Many leaders of the American Revolution welcomed the idea that their new nation would grow up to be an empire. To them, the concept was compatible with a republic; it meant size and benign influence. David Ramsay, South Carolina's delegate to the Continental Congress, wrote as early as 1778 that the grandeur of the American continent provided the basis for a realm that would make "the Macedonian, the Roman, and the British sink into insignificance." George Washington thought of the new country as a "rising" or an "infant" empire. Thomas Jefferson, who secured the vast Mississippi and Missouri valley corridors, famously envisaged an "empire of liberty." But whose liberty? The idea of empire as conquest or subjugation was curiously absent from this postindependence reverie. Cheered by the euphemism of "manifest destiny" deep into the nineteenth century, Americans of European origin continued to enjoy the incredible lightness of empire.
Subsequent observers would contend that the process of building and managing an empire is often violent, unfettered by concerns about law and equality. Empire, as Joseph Conrad wrote and American anti-imperialists came to acknowledge, had a heart of darkness. As Jane Burbank and Frederick Cooper, the authors of the massive comparative study Empires in World History, argue, "Terror was the hidden face of empire." And it has not always been so hidden, either.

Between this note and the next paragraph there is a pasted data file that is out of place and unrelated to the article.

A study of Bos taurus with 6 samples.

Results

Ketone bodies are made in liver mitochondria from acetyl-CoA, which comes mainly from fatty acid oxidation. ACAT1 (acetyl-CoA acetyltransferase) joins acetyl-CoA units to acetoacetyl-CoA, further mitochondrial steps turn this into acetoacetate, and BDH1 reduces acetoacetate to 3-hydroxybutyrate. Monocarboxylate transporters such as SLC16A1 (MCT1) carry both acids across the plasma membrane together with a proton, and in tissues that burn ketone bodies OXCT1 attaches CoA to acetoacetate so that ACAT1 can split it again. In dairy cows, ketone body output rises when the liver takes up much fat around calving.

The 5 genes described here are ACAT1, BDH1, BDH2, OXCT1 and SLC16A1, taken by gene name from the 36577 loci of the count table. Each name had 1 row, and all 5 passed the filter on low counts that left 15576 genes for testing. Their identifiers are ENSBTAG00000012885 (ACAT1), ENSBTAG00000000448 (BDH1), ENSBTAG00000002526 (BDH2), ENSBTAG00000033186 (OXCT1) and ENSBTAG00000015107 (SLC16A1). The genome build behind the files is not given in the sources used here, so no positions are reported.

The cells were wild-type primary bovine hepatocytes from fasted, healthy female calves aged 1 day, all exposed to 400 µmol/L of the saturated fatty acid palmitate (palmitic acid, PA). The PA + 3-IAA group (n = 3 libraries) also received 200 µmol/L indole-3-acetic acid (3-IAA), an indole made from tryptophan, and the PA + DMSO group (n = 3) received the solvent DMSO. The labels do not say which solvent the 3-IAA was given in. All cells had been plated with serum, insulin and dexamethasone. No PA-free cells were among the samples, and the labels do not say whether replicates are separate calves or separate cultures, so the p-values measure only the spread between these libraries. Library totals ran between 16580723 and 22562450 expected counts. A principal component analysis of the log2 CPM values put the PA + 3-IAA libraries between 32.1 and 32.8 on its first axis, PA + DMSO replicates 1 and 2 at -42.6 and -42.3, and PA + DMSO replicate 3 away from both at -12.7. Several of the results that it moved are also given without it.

The word "imperium" originally signified the authority delegated by the Senate of the Roman Republic to exercise command over the republic's own citizens and subdue others. It came to be applied to Rome's new territories throughout Italy and then beyond, even before Augustus founded the Principate, the first formal phase of the Roman Empire proper. More recently, in the United States, the growth of presidential power has periodically awakened concerns about what the historian Arthur Schlesinger, Jr., termed "the imperial presidency," that is, the growth of executive authority at the expense of legislative supervision and public dissent.
Three recent books on empire -- Burbank and Cooper's comparative history, Timothy Parsons' The , and Richard Immerman's Empire for Liberty -- are less concerned with how nominally representative institutions can give way to authoritarian leaders than with how one state or national group extends its rule and often territory at the expense of others. This focus is hardly surprising, since much of the literature on empires has responded to the string of interventions the United States has undertaken since the Cold War.